To some extent, that's comparative to what Jesus did in a synagogue in Nazareth. Jesus stood to orally submit his, mission statement:
"The Spirit of the Lord is on me, because he has anointed me
to preach good news to the poor.
He has sent me to proclaim freedom for the prisoners
and recovery of sight for the blind, to release the oppressed,
to proclaim the year of the Lord's favor." (Luke 4:18-19)
Then he concluded by saying that these words, this prophecy of the Messiah has been fulfilled.
I believe this pericope is Christ' mission statement. I also believe it provides a healthy plumb-line for us to answer well whether or not we are living out the gospel. And, if we investigate these texts of scripture a little more elaborately, we find that the gospel is not merely about preaching a message with the goal of saving a soul, but is also about the restoring, redeeming, and rehabilitation of a life. The good news which Christ came to deliver is a complete gospel, what Richard Stearns (author of The Hole In Our Gospel) has come to call the whole gospel. That is to say, the good news Jesus proclaimed was news which was experienced both spiritually as well as tangibly.
In looking at this passage from Luke 4, we see five hallmarks which make up the aims of this good news Christ came to deliver.
First, we see a call to preach good news to the poor. It's important that we take note of whom this good news was to be preached to - the poor. It is equally important that we not limit poor to those of a lower economic status. Christ was no doubt referring to the financially destitute of our society, that specifically the poor play a specific role in God's missional plan to in-break his kingdom into our world. Often times the poor are victims of economic oppression in countries, thus making them incapable of being self-sustaining. For example, while in Uganda working with IJM, we will be working amongst victims who have had their property seized illegally, leaving them without any land to grow a crop, have a dwelling area, and or raise some sort of livestock (Read a real property grabbing story). Without land, they have no chance of supplying anything which is in demand, and thus, cannot survive.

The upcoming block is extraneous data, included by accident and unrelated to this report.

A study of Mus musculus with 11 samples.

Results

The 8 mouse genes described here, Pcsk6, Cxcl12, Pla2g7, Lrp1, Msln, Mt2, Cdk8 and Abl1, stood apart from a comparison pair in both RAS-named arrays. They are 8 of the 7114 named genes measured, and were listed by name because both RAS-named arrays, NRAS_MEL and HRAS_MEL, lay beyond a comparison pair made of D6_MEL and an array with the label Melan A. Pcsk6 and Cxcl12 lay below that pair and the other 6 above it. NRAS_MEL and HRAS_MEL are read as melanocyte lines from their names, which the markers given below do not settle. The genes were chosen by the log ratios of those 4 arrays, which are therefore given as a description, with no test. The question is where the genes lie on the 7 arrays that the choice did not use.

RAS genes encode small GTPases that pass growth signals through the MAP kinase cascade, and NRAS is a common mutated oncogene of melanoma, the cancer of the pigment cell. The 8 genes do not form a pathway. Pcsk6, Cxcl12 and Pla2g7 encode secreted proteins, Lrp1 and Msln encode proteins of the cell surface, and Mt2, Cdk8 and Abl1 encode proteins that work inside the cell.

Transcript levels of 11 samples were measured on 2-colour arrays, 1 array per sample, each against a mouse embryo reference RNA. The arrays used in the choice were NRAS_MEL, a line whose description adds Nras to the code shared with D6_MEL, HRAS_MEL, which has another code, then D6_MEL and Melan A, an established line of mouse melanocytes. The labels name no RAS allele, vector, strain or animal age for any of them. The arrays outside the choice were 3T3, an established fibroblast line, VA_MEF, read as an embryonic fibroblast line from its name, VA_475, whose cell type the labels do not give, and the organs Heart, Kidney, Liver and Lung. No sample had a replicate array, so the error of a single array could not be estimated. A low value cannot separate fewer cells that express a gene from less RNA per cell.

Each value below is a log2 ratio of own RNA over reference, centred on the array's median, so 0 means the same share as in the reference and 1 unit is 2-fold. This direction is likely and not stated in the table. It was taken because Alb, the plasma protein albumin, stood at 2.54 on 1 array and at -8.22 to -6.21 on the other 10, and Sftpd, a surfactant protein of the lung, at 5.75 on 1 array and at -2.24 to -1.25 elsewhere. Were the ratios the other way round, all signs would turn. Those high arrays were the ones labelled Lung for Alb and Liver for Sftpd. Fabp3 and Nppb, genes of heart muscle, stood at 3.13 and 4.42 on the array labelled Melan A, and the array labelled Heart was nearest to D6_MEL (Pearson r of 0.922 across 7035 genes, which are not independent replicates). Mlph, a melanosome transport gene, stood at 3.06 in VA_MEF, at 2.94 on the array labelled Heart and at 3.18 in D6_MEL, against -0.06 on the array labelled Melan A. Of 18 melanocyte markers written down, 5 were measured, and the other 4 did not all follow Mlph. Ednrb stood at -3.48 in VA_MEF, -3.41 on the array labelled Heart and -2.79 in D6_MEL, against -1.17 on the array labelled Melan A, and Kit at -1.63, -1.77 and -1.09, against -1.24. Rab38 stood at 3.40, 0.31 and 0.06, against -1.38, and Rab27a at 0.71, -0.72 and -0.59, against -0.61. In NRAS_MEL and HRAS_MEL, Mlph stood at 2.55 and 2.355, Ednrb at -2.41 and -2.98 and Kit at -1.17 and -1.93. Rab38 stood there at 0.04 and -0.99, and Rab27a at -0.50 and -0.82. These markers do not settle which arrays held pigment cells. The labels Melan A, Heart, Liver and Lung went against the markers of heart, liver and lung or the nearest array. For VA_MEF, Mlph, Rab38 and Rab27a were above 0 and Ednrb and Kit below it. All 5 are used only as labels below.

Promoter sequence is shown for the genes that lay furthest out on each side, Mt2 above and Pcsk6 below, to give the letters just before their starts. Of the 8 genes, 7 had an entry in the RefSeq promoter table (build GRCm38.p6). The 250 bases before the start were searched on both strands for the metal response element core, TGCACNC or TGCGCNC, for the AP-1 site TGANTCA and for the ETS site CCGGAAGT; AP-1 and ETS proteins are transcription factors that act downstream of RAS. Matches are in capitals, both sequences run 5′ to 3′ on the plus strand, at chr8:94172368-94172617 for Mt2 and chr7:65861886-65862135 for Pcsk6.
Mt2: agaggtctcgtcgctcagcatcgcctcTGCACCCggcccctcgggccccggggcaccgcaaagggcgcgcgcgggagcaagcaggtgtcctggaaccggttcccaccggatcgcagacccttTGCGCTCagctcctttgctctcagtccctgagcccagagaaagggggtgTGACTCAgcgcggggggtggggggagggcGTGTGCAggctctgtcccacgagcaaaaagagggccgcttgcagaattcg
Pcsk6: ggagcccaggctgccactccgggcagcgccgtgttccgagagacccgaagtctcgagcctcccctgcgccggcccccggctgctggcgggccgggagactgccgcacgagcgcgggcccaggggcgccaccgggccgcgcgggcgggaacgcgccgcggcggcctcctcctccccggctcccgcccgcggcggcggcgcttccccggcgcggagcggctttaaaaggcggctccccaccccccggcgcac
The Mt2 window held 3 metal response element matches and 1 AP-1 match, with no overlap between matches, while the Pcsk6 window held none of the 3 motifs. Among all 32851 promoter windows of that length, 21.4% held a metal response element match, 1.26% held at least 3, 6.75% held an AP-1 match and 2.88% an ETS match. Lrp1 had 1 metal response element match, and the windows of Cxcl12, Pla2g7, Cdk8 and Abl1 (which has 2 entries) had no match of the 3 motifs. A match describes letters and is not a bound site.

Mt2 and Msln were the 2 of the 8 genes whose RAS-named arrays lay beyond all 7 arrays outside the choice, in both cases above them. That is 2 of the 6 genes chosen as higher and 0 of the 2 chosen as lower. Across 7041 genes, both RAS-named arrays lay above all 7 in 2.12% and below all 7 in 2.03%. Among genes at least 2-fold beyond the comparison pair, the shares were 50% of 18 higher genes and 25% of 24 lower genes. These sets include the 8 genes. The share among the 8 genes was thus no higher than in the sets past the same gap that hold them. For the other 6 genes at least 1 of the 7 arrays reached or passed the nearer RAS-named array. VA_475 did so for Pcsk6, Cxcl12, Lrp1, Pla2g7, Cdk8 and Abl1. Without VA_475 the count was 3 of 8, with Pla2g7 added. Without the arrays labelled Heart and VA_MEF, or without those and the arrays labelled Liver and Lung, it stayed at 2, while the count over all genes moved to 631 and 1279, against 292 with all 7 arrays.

Here in the West, we have a tendency to frown upon the poor of inner cities, being deceived by the notion that they deserve to be poor only because of poor choices. Though there is truth to poor choices which one may have made, thus evoking their financial state, that is not to evoke a judgment from others upon them. Instead, regardless if someone is what society displays as poor because of poor choices or if someone is destitute due to suffering from a form of injustice, as Christians, we are still to be moved to do something. This gospel, the whole gospel, is one which transcends this economic barrier and breaks the dam around our heart allowing to flow freely what needs to be tears of compassion. This compassion is to move us to these individuals, taking action on their behalf.
At the same time, poverty is not merely an economic state. It is also a spiritual one. People become millionaires regularly, and more and more are crossing over to ten figures (making them a billionaire). Whether middle class, millionaires or billionaires, without Christ, you are eternally poor. And thus, we learn another token of this whole gospel: every economic class is an audience for this gospel. This gospel, is good news for all.